Coca-Cola Amatil produced decent first-half results but speculation that it may sell some of its international operations and its determination to look beyond the core soft drinks sectors for growth is thought to be creating tension between the Australian bottler and its largest shareholder The Coca-Cola Company. David Robertson reports.

Coca-Cola Amatil (CCA) is currently Asia's largest soft-drink bottler but difficulties in a couple of key markets have pushed the company towards an increasingly Australian focus.

CCA last month reported better than expected results for the first half of this year. Group profits were up 10.2% to A$267.4m and revenue rose by 14% to A$1.96bn. However, much of this growth in earnings came from the company's Australia and Oceania (New Zealand) divisions.

In South Korea, CCA continues to struggle with a culture that has not warmed to soft drinks and first-half pre-tax profits there fell by 93% to just A$900,000.
Indonesia and Papua New Guinea have also struggled in recent years due to poor economic conditions and last December's Tsunami had caused some concern that business in the region would continue to suffer.

As it turned out, Indonesia bounced back in the first half with pre-tax profits up 8.7% at A$11.3m. But analysts believe that the amount CCA is spending to build its position in Indonesia has yet to pay off in terms of profits, and margins remain thin compared with other parts of the company.

As a result of the slow progress in Indonesia and the problems in South Korea, CCA chief executive Terry Davis has announced that he will merge the Asian businesses into one unit in order to concentrate marketing and management efforts. The performance of this separate division will be reviewed at the end of  2006.

Davis, formerly head of Foster's Beringer Blass wine business, went to some length last month telling investors that the new division would not be sold off if it failed to produce better results: "The restructure should not be seen as anything other than us putting more resources into an area where we need to have improved returns," he said.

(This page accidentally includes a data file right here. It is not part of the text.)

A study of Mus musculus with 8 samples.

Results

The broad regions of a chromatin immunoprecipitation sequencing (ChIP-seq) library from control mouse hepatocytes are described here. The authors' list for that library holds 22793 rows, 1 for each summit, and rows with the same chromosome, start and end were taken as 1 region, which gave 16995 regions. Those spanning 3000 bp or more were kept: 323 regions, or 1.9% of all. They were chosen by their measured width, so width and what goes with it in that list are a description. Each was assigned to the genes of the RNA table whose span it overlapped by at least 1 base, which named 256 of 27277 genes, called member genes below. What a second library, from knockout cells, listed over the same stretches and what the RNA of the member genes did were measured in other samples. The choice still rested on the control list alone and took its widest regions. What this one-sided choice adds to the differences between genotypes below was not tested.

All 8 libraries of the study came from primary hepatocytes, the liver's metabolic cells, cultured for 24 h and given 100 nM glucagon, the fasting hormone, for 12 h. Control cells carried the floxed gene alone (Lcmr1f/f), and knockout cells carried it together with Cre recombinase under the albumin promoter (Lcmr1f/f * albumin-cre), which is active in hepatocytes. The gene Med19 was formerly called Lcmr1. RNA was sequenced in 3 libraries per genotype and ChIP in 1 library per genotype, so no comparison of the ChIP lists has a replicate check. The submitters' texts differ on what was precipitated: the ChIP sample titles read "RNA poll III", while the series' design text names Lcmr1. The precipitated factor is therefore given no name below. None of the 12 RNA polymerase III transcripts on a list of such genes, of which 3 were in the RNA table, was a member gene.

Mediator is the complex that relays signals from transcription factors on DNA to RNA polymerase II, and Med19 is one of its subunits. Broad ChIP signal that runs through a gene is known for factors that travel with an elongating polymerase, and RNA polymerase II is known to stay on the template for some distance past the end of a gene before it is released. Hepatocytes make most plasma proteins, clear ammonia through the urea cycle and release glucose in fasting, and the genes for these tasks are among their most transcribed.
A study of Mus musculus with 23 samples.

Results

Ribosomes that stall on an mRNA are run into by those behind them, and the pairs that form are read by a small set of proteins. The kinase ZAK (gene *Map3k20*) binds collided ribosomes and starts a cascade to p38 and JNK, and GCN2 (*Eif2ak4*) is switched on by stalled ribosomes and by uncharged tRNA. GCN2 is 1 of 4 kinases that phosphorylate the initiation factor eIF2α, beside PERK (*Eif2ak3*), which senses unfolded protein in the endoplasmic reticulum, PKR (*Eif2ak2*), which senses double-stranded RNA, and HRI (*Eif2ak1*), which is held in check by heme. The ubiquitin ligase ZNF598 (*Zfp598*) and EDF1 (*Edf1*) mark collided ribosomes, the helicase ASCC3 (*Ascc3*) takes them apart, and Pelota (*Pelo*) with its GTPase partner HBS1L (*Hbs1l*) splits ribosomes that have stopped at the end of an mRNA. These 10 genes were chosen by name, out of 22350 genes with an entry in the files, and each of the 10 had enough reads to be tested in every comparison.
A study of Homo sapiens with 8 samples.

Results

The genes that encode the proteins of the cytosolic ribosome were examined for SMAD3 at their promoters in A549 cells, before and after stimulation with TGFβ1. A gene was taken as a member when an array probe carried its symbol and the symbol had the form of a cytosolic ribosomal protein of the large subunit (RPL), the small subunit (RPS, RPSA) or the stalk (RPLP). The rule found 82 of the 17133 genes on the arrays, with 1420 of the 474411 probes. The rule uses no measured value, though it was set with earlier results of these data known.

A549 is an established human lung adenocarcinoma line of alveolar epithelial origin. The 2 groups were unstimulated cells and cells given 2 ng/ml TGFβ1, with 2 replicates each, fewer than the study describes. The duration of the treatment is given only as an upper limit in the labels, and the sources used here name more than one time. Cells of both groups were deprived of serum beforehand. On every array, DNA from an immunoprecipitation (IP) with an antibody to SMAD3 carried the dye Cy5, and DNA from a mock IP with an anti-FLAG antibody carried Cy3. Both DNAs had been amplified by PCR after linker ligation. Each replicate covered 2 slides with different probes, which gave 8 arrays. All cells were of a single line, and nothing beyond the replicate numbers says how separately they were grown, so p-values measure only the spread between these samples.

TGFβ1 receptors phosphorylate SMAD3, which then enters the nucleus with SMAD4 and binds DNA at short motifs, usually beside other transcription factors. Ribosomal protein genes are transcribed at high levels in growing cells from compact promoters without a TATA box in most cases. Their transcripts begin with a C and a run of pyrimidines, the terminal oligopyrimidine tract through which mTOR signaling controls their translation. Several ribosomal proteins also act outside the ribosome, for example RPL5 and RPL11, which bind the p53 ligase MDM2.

But despite these assurances, bundling South Korea, Indonesia and PNG into one division would certainly make selling the business easier in the future. A number of analysts have leapt on this as evidence of CCA's intention to shift out of Asia. This would leave CCA, currently Coke's most geographically diverse bottler, almost exclusively Australasia-focused.

Australia has been the standout result for CCA in recent years and in the first half of this year pre-tax profits there rose by 9.8% to A$217.8m  - accounting for about 82% of the company's total profit. CCA's success in Australia, and to a lesser degree in New Zealand, has been built on introducing new Coke flavours, like Coke with Lime, and continuing to increase the number of outlets it sells through.

But CCA recognised a number of years ago that carbonated soft drink sales were stagnating as Coke and Pepsi reached saturation point in the market.
The company has since been following a strategy of expanding into non-carbonated beverages and this category now accounts for 20% of all revenue, up from 5% four years ago.

In the last couple of years, CCA has bought the Neverfail and Peats Ridge water companies and has taken 4% of the fruit juice market through acquisitions like Crusta Fruit Juices. CCA has even made a move into the coffee market with the purchase of Grinders Coffee last month.

The company's biggest, non-core, acquisition was completed in February this year when it bought SPC Ardmona for A$685m. SPC Ardmona is a fruit and vegetable processor and this deal marks CCA's first foray into the food business.
By taking a stake in a food company, CCA seems to be saying that it believes growth in its traditional beverage market is limited.

A number of industry commentators told just-drinks that they saw this as CCA snubbing Coca-Cola in Atlanta: the move into non-carbonated beverages and food implies that Coke's products are no longer providing sufficient opportunities.
The alienation of the struggling Asian Coke business into a separate division has further emphasised this shift, though CCA declined to comment on the issue.

But rumour among Asian analysts suggests that Coke in Atlanta, which owns 35% of CCA, is concerned that its lead Asian bottler is abandoning the Asian business to pursue non-Coke interests in Australia. One analyst joked that CCA's move into non-carbonated drinks and food is revenge for Coke selling it the South Korean operation in the first place. CCA bought that business for A$1bn in 1999 and it is now worth half that.

If Davis does try to unload South Korea and Indonesia next year he might find that his major shareholder objects. Coke can hardly afford to just give up on countries like these. Coke's rivals in the drinks industry are rubbing their hands with anticipation at the prospect of a showdown between Davis and Coke in Atlanta though this could just be wishful thinking. However, if the Australian company continues to develop new income streams and abandons its Coke markets in Asia, the relationship with Atlanta could become strained.